Is Haitian International Holdings Limited’s (HKG:1882) 14% ROCE Any Good?

Today we’ll evaluate Haitian International Holdings Limited (HKG:1882) to determine whether it could have potential as an investment idea. Specifically, we’ll consider its Return On Capital Employed (ROCE), since that will give us an insight into how efficiently the business can generate profits from the capital it requires.

Firstly, we’ll go over how we calculate ROCE. Second, we’ll look at its ROCE compared to similar companies. Finally, we’ll look at how its current liabilities affect its ROCE.

Return On Capital Employed (ROCE): What is it?

ROCE measures the amount of pre-tax profits a company can generate from the capital employed in its business. All else being equal, a better business will have a higher ROCE. In brief, it is a useful tool, but it is not without drawbacks. Renowned investment researcher Michael Mauboussin has suggested that a high ROCE can indicate that ‘one dollar invested in the company generates value of more than one dollar’.

How Do You Calculate Return On Capital Employed?

Analysts use this formula to calculate return on capital employed:

Return on Capital Employed = Earnings Before Interest and Tax (EBIT) ÷ (Total Assets – Current Liabilities)

Or for Haitian International Holdings:

0.14 = CN¥1.8b ÷ (CN¥18b – CN¥5.5b) (Based on the trailing twelve months to June 2019.)

So, Haitian International Holdings has an ROCE of 14%.

Check out our latest analysis for Haitian International Holdings

Does Haitian International Holdings Have A Good ROCE?

When making comparisons between similar businesses, investors may find ROCE useful. In our analysis, Haitian International Holdings’s ROCE is meaningfully higher than the 11% average in the Machinery industry. We consider this a positive sign, because it suggests it uses capital more efficiently than similar companies. Separate from Haitian International Holdings’s performance relative to its industry, its ROCE in absolute terms looks satisfactory, and it may be worth researching in more depth.

You can see in the image below how Haitian International Holdings’s ROCE compares to its industry. Click to see more on past growth.

SEHK:1882 Past Revenue and Net Income, February 24th 2020
SEHK:1882 Past Revenue and Net Income, February 24th 2020

When considering ROCE, bear in mind that it reflects the past and does not necessarily predict the future. ROCE can be misleading for companies in cyclical industries, with returns looking impressive during the boom times, but very weak during the busts. This is because ROCE only looks at one year, instead of considering returns across a whole cycle. Future performance is what matters, and you can see analyst predictions in our free report on analyst forecasts for the company.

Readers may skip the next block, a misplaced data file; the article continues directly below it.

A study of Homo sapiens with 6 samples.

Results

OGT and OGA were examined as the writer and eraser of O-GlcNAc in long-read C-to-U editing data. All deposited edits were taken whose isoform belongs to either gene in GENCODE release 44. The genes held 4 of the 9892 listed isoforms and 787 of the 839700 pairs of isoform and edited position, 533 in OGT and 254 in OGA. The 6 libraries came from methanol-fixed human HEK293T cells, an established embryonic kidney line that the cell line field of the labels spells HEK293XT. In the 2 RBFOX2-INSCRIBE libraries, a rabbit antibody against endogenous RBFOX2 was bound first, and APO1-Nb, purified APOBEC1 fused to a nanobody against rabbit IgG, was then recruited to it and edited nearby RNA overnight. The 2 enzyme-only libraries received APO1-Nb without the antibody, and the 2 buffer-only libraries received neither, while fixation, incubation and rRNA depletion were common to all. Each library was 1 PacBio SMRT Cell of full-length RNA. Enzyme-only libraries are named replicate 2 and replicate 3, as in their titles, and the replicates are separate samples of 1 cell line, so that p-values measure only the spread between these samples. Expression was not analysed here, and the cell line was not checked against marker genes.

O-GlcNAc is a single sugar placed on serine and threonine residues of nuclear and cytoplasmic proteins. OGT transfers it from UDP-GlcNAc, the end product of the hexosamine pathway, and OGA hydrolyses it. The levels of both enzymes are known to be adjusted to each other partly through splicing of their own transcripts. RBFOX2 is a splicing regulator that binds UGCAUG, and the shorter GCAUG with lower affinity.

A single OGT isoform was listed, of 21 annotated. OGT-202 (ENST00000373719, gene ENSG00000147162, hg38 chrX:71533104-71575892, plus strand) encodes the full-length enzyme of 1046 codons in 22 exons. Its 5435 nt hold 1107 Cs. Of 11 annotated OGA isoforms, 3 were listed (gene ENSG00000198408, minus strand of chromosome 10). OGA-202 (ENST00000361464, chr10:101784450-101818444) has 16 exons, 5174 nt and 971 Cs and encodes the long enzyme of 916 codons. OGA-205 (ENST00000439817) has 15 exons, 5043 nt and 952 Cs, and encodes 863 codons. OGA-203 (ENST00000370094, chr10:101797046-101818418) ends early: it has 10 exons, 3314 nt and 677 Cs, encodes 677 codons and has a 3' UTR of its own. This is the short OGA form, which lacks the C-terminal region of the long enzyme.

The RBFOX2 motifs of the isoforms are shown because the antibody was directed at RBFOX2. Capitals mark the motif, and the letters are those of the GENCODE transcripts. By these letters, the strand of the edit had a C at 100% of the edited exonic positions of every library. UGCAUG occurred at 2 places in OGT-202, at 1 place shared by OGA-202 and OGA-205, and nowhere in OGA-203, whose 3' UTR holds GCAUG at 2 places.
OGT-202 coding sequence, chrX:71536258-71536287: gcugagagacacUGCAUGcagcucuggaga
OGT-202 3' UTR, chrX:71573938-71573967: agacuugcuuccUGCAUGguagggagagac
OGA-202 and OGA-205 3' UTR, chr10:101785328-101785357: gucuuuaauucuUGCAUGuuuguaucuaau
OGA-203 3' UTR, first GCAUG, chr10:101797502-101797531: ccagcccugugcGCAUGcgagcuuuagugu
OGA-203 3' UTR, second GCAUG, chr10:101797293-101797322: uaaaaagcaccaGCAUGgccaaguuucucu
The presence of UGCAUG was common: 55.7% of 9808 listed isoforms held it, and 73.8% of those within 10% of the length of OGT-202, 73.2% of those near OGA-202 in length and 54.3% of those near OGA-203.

Do Haitian International Holdings’s Current Liabilities Skew Its ROCE?

Short term (or current) liabilities, are things like supplier invoices, overdrafts, or tax bills that need to be paid within 12 months. Due to the way ROCE is calculated, a high level of current liabilities makes a company look as though it has less capital employed, and thus can (sometimes unfairly) boost the ROCE. To check the impact of this, we calculate if a company has high current liabilities relative to its total assets.

Haitian International Holdings has current liabilities of CN¥5.5b and total assets of CN¥18b. Therefore its current liabilities are equivalent to approximately 30% of its total assets. A fairly low level of current liabilities is not influencing the ROCE too much.

The Bottom Line On Haitian International Holdings’s ROCE

This is good to see, and with a sound ROCE, Haitian International Holdings could be worth a closer look. There might be better investments than Haitian International Holdings out there, but you will have to work hard to find them . These promising businesses with rapidly growing earnings might be right up your alley.

If you are like me, then you will not want to miss this free list of growing companies that insiders are buying.

If you spot an error that warrants correction, please contact the editor at editorial-team@simplywallst.com. This article by Simply Wall St is general in nature. It does not constitute a recommendation to buy or sell any stock, and does not take account of your objectives, or your financial situation. Simply Wall St has no position in the stocks mentioned.

We aim to bring you long-term focused research analysis driven by fundamental data. Note that our analysis may not factor in the latest price-sensitive company announcements or qualitative material. Thank you for reading.